Aura, a government-owned tech company, has discovered what it is calling a "very big" software flaw in the Mozilla Firefox and Google Chrome web browsers.

The bug allows a user's private photos and sensitive documents such as passports, driver licenses and other identifying content to be uploaded to websites, and to be obtained by malicious hackers.

The bug was discovered by Alex Nikolova, a security analyst based in the company's Wellington office, and at the time of discovery had affected up to one in 10 browsers worldwide, or more than 300 million users.

Nikolova first found the vulnerability in February and notified Mozilla and Google (the two companies who develop the web browsers).


Both Google and Mozilla requested Nikolova not to speak publicly about the discovery until the software bug was "patched" last month.

The bug was addressed in a security update "within days" according to Aura general manager Peter Bailey, with the latest version of Firefox (version 66) no longer exploitable.

The company says there is no evidence to suggest malicious hackers had discovered or exploited the hole in the software before the NZ-based team identified it.

To protect their computers and mobile devices against the bug, users are advised to follow their browser's software update process. However, it acknowledges this is something not all users do regularly.

"Patch. Keep yourself up-to date, all the time. Vulnerabilities come out every day and those who want to exploit your data don't need longer than that," said Nikolova.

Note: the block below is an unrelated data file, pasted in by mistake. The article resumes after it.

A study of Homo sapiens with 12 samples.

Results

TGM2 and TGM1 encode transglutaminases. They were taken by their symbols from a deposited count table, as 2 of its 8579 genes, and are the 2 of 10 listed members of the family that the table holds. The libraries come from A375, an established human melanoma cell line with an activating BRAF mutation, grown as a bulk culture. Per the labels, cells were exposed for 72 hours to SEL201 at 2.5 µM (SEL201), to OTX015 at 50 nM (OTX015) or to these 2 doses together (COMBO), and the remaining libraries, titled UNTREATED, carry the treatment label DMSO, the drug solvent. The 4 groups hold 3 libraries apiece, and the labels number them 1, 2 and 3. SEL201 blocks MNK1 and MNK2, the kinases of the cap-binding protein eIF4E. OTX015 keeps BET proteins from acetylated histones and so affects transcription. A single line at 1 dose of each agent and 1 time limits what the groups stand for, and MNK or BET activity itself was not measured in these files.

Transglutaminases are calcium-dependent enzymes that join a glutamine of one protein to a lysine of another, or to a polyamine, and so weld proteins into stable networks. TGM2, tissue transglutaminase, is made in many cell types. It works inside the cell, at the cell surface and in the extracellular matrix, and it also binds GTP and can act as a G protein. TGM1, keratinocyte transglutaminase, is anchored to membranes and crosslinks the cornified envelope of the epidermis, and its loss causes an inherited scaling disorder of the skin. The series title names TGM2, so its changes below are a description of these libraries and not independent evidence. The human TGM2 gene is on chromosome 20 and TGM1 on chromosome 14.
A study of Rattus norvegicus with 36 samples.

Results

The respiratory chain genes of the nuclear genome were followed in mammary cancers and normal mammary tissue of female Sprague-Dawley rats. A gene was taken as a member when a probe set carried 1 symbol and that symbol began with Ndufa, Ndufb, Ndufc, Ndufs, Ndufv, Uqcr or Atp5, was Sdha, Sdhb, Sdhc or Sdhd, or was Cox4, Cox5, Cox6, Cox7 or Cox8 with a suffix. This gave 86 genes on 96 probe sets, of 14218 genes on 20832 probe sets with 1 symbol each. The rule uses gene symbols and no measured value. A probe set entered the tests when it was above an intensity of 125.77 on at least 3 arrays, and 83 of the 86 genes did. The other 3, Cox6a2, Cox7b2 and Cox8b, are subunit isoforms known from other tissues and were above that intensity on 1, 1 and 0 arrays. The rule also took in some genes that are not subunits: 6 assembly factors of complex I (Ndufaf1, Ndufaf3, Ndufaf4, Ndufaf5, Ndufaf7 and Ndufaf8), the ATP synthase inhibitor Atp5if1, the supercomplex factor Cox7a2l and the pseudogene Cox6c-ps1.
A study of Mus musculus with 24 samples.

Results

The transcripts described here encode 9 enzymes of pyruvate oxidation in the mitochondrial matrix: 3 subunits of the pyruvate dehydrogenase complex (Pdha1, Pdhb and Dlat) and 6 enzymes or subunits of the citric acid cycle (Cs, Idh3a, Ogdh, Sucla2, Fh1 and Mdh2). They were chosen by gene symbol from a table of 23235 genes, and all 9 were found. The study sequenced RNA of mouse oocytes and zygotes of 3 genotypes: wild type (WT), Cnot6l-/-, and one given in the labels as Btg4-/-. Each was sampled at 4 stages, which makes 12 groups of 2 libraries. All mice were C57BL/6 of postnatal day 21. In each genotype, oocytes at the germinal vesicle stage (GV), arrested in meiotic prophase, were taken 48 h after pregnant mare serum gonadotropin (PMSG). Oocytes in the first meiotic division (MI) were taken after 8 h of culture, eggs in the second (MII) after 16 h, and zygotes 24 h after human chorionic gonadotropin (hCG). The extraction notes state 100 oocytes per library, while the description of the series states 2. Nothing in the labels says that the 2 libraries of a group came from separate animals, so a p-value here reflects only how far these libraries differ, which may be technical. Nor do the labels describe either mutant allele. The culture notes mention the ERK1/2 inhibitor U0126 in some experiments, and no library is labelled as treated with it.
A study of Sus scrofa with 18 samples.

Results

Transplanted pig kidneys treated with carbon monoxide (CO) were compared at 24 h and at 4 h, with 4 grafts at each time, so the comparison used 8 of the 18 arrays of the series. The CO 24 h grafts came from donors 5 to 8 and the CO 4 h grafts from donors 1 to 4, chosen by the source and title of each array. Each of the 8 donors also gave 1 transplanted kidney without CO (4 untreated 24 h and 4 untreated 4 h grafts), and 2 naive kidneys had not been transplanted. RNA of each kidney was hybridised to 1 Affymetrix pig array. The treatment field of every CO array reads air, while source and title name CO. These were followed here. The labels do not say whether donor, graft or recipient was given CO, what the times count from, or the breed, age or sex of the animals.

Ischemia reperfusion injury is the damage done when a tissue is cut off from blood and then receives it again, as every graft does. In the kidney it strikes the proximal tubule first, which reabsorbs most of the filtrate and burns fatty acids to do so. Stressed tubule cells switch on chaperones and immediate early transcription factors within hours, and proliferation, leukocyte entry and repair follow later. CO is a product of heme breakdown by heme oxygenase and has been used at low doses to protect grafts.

Some companies offer bounties to hackers who report vulnerabilities in their software (Tesla recently offered up $250,000 to anyone who could hack their Model 3), however Aura says it didn't receive such a pay-out.

According to Bailey, their research is focused on pre-empting attacks on their existing client's systems.

"In our industry, you can't just stand at the gate and defend against attackers when they're already on your doorstep, you need to be able to anticipate the attacks before they happen."


Bailey says New Zealand tech companies are doing a large amount of work in the cyber security space.

"Cyber security talent in New Zealand is world class, and Alex's find is just one example of the incredible research coming out of this country."

Kordia, the government-owned broadcast and telecommunications company which handles the distribution of a number of the country's television and radio brands including TVNZ, ZM, Hauraki and The Hits, acquired security company Aura in 2015.